The innumerable health benefits of turmeric may seem like a recent discovery, but it has a long history in the Ayurvedic tradition, especially for digestive and gut health. In fact, this brilliant gold spice has been appreciated in India for over four thousand years. When used in conjunction with other bioactive herbs, turmeric encourages normal digestion and regulates digestive hormones, bile, and gastric acid.[1, 2]
Traditional Therapeutic Uses of Turmeric
Many of the recent headlines pertaining to turmeric focus on its effects on inflammation and cancer. However, in India and other South Asian countries, there is a well-established history of using turmeric for a wide range of traditional remedies. In Nepal, powdered turmeric root is applied to bruises, wounds, swollen joints, and sprains. Indian folk medicine prescribes turmeric for respiratory and liver health, and to stimulate appetite. The benefits of turmeric are largely owed to a powerful class of antioxidants called curcuminoids, collectively referred to as curcumin, and turmeric is the only source.
Effects of Turmeric on the Gut and Digestive System
The idea of gut health might bring to mind images of probiotic supplements or fermented foods. Those are applicable but there are a lot of different ways to promote gut health, and it seems that consuming turmeric is one of them. The clinically established benefits of turmeric extend throughout the body, and it has specific actions that support gut and digestive health.
Turmeric and the Intestines
Curcumin supports digestion by relaxing the smooth muscles of the digestive tract and gently pushing digested food through the intestines. It also discourages gas and bloating.
Turmeric and the Colon
A healthy, well-balanced colon is essential to gut health, digestive tract comfort, and the growth of beneficial bacteria. Curcumin facilitates balance between the microbiota and the immune response in the colon.
Curcumin suppresses EGR-1, a protein that may allow damaged DNA to get coded. In other words, curcumin acts as the quality control agent and ensures that cells replicate proteins properly. Further, curcumin drives apoptosis—the body’s natural method of recycling old, worn out cells.
Turmeric and the Stomach
Turmeric offers a multi-tiered approach to protecting the integrity of the stomach lining. First, turmeric inhibits enzymes that compromise stomach health. It also boosts the secretion of stomach mucous—the primary defense against damage from gastric acid and other irritants.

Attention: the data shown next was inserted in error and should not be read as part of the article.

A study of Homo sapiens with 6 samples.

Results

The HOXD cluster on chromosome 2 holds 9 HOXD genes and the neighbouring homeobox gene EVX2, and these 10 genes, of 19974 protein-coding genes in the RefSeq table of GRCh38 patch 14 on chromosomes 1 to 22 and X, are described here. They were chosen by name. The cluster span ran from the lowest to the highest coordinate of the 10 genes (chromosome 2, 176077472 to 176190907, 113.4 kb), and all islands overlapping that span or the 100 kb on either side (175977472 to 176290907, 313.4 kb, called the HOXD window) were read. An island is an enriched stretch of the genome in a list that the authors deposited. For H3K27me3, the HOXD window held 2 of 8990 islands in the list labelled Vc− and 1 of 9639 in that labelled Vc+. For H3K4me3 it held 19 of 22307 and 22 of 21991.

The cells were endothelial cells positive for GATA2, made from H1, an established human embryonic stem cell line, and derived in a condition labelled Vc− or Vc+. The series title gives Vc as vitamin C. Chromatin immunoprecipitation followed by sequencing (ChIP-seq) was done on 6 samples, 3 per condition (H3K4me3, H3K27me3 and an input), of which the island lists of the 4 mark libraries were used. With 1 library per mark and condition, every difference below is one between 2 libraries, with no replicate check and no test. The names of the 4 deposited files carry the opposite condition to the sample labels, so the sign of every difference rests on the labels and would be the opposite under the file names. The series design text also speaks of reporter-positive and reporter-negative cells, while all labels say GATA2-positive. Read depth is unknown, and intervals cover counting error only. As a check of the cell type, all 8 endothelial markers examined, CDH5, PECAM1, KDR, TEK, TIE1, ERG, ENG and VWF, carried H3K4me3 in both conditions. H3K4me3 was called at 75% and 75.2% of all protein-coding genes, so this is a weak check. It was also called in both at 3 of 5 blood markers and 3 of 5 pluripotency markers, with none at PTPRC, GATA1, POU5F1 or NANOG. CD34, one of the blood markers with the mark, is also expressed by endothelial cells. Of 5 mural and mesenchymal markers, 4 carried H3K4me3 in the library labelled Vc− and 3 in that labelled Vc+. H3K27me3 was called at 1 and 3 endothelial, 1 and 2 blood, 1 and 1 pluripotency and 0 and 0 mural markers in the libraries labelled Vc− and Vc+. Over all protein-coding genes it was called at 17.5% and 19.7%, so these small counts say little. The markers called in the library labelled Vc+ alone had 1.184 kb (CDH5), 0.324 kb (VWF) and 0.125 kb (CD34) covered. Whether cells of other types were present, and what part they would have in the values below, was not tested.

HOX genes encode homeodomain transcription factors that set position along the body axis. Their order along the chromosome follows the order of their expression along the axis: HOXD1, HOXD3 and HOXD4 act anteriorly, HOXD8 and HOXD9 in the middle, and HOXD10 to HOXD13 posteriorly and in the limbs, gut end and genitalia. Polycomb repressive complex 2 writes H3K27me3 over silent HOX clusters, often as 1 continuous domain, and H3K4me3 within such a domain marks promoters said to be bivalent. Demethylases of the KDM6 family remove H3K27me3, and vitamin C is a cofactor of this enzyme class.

It’s also worth mentioning that, in animal models, curcumin disrupts the growth of harmful organisms and eradicates them from the body while helping to repair the stomach lining.
Turmeric and the Liver
In the liver, turmeric helps increase cholesterol elimination by boosting bile production. There are a number of ways to encourage normal cholesterol levels and consuming foods that help your body use its cholesterol stores is one of them. Combining regular turmeric consumption with fiber-rich meals even more effectively cleanses your system of cholesterol by trapping and ushering it to the colon for elimination.
Curcumin also protects liver cells from damage caused by toxins such as peroxide, galactosamine, tobacco smoke, and household chemicals.
Turmeric, Digestive Wellness, and Gut Health
Turmeric’s therapeutic value makes it a natural choice for supporting gut and digestive health. There’s no shortage of scientific evidence supporting the link between a healthy gut, a robust microbiome, and overall well-being.
This connection inspired us to combine our best gut health supplements into one comprehensive kit—the Gut Health Kit™. It’s your ticket to complete gut health in just 30 days. The Gut Health Kit will cleanse, balance, and support your gut, and strengthen your microbiota. Optionally, you can add Global Healing Center’s Liquid Turmeric Extract to the kit for an extra, digestive-health boost.
Do you have any experience using turmeric to support your gut? What insight can you offer? Leave a comment below and share your tips with us!
- Valussi, M. “Functional Foods with Digestion-Enhancing Properties.” International journal of food sciences and nutrition. 63. (2011): 82–9. Web. 24 Feb. 2017.
- De, Ronita, et al. “Antimicrobial Activity of Curcumin Against Helicobacter Pylori Isolates from India and During Infections in Mice.” 53.4 (2009): n.pag. Web. 24 Feb. 2017.
- Chattopadhyay, Ishita, et al. “Turmeric and Curcumin: Biological Actions and Medicinal Applications.” CURRENT SCIENCE 87.1 (2004): n.pag. Web. 24 Feb. 2017.
- Grenier, Alan, Rao Papineni, and Shadid Umar. “Chemoprevention in Gastrointestinal Physiology and Disease. Natural Products and Microbiome.” American Journal of Physiology 307.1 (2014): n.pag. Web. 24 Feb. 2017.
- Chen, A, J Xu, and A C Johnson. “Curcumin Inhibits Human Colon Cancer Cell Growth by Suppressing Gene Expression of Epidermal Growth Factor Receptor Through Reducing the Activity of the Transcription Factor Egr-1.” Oncogene 25.2 (2005): 278–287. Web. 24 Feb. 2017.
- Braun, Lesley, and Marc Cohen. Herbs and Natural Supplements: An Evidence-Based Guide: Volume 2. Australia: Churchill Livingstone, 2014. Print.
- Brown, Lisa, et al. “Cholesterol-Lowering Effects of Dietary Fiber: A Meta-Analysis.” The American Journal of Clinical Nutrition 69.1 (1999): 30–42. Web. 24 Feb. 2017.